National Assembly for Wales / Cynulliad Cenedlaethol Cymru

Health and Social Care Committee / Y Pwyllgor Iechyd a Gofal Cymdeithasol

Safe Nurse Staffing Levels (Wales) Bill / Bil Lefelau Diogel Staff Nyrsio (Cymru)

Evidence from the Minister for Health and Social Services - SNSL AI 20 / Tystiolaeth gan y Gweinidog Iechyd a Gofal Cymdeithasol- SNSL AI 20


Safe Nurse Staffing Levels (Wales) Bill


Further evidence from the Welsh Government in respect of the acuity tool




  1. The Bill’s stated aim is to achieve safe nurse staffing levels in “adult inpatient wards in acute hospitals" by creating a legal requirement for local health boards “to take all reasonable steps to maintain minimum registered nurse: patient ratios and minimum registered nurse:healthcare support workers ratios.”  There are no ratios on the face of the Bill, as it is intended that the ratios be set in guidance to be issued by the Welsh Ministers. 


  1. The Minister for Health and Social Services gave evidence to the Health and Social Care (HSC) Committee on 5 March 2015 and subsequently, at the Committee’s request, provided an evidence paper about using his existing powers to achieve the aims of the Bill.


  1. The Member in Charge, Kirsty Williams AM, gave evidence to  the Committee on 19 March 2015 and referred to the Minister’s evidence paper.  As a result, the Committee has asked for further clarification, namely:


Will the Acuity Tool Governance Framework (when validated) include a fixed staffing ratio that applies to all medical and surgical adult in-patient wards, that sets out:

·         a number by which the number of patients per registered nurse should not exceed by day and night (as currently set out in the CNO’s All Wales Nurse Staffing Principles, for example 1:7 by day and 1:11 by night)

·         a skill mix ratio of Registered Nurse to Healthcare Support worker?


Adult Acute Nursing Acuity & Dependency Tool


  1. The acuity tool does not generate a fixed ratio for registered nurses to patients, nor for registered nurses to healthcare support workers, which could be applied as a minimum staffing ratio figure for the purposes of the Bill.


  1. The acuity tool is based on the Association of UK University Hospitals (AUKUH) tool. It is an adaptation of the Safer Nursing Care Tool, which has been endorsed by NICE.  There is more detail about the acuity tool in the documents previously sent to the HSC Committee namely the Fundamentals of Care System User Guide: Adult Acute Nursing Acuity & Dependency Tool and the Adult Acute Nursing Acuity & Dependency Tool Governance Framework.


  1. The acuity tool is a piece of software which records workforce pressures over a given period of time in order to assist in the planning of future workforce needs.  Once a day at a set time, for one month, ward staff input data into the tool about the funded posts on their ward; the number of beds; the number of patients on the ward and their individual levels of acuity and dependency, and the movement of patients to and from the ward.  The level of care each patient requires is described using one of five defined levels.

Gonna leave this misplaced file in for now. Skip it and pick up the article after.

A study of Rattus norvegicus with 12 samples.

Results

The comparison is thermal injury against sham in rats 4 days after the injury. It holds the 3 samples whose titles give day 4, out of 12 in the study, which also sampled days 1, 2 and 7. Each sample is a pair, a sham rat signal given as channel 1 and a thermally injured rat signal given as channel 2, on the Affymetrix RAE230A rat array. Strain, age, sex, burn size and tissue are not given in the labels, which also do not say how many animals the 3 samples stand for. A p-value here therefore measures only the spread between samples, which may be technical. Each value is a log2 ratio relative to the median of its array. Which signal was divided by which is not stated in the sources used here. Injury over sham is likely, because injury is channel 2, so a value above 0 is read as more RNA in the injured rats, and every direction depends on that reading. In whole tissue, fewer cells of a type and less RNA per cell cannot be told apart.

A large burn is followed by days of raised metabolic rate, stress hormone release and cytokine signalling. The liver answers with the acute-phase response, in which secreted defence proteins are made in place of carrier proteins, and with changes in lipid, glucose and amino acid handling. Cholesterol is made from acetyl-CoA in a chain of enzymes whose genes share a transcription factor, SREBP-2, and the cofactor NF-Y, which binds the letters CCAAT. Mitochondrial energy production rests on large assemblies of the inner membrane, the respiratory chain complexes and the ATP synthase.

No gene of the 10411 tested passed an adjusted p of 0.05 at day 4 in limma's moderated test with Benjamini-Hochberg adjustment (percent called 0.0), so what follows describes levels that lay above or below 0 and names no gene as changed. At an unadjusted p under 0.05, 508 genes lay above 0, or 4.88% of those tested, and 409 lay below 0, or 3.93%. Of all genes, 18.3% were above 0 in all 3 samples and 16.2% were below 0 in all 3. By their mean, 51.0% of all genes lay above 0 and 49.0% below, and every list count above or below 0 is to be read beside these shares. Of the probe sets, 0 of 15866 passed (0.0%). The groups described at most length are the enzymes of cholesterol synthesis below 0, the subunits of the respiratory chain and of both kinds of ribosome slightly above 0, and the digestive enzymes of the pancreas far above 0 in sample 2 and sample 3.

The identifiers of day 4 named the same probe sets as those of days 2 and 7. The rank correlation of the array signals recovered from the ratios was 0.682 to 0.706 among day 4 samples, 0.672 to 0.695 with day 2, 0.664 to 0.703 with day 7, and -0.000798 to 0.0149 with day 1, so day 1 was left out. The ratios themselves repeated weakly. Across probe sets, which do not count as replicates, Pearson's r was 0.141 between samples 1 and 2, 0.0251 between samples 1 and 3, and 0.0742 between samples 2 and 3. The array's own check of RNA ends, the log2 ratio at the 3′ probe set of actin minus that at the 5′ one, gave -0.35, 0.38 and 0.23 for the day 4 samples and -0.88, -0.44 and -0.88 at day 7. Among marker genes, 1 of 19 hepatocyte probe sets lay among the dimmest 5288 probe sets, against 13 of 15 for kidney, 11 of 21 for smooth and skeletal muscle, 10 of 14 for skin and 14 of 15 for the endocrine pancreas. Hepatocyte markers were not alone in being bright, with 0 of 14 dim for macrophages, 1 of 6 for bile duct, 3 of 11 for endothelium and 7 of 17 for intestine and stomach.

1. The software processes these data to show variations in the levels of acuity, dependency and the associated care required by the patients on that ward during that time-frame. It provides a snapshot of the conditions on that ward during that month only, at one point during each day.


  1. On an acute ward, patient needs change from hour to hour.  The daily snapshot recorded in the acuity tool only describes the situation on the ward at the moment the information was recorded.  If it were recorded an hour later, the snapshot would be different.  The data for that ward on the next day will be different.  The data recorded in each acute ward at the same time will also be different for each ward.


  1. Therefore, because the conditions on each acute ward vary so much over time, it is not possible to take the information recorded daily and use it to produce a single fixed staffing ratio that would be appropriate 24 hours a day, seven days a week, on every acute ward. 


  1. The acuity tool is not an e-rostering system i.e. it is not designed to determine the staffing levels required for an individual shift.  It is designed to establish an average over time, in order to help Local Health Boards (LHBs) with long-term workforce planning; specifically, to determine how many funded posts there should be on a ward. 


  1. LHBs must use the acuity tool in conjunction with their professional judgement and analysis of nurse-sensitive indicators for each ward area, (the triangulated approach) to determine nurse staffing levels.


  1. The All-Wales Nurse Staffing Principles were agreed as an interim measure to be used whilst the acuity tool was being developed and validated.  Once the acuity tool is implemented, LHBs will no longer be required to use the principles, nor to report to the Chief Nursing Officer (CNO) about their use.  However, LHBs may choose to use the principles alongside the triangulated approach as part of their local decision-making process.


  1. Following the agreement and issue of the principles in 2012, there was a debate by the nurse directors about staffing at night. The ratio of 1:11 was proposed as a guide which some nurse directors use.  However, this was never formally adopted into the principles and is therefore not part of the monitoring by the CNO.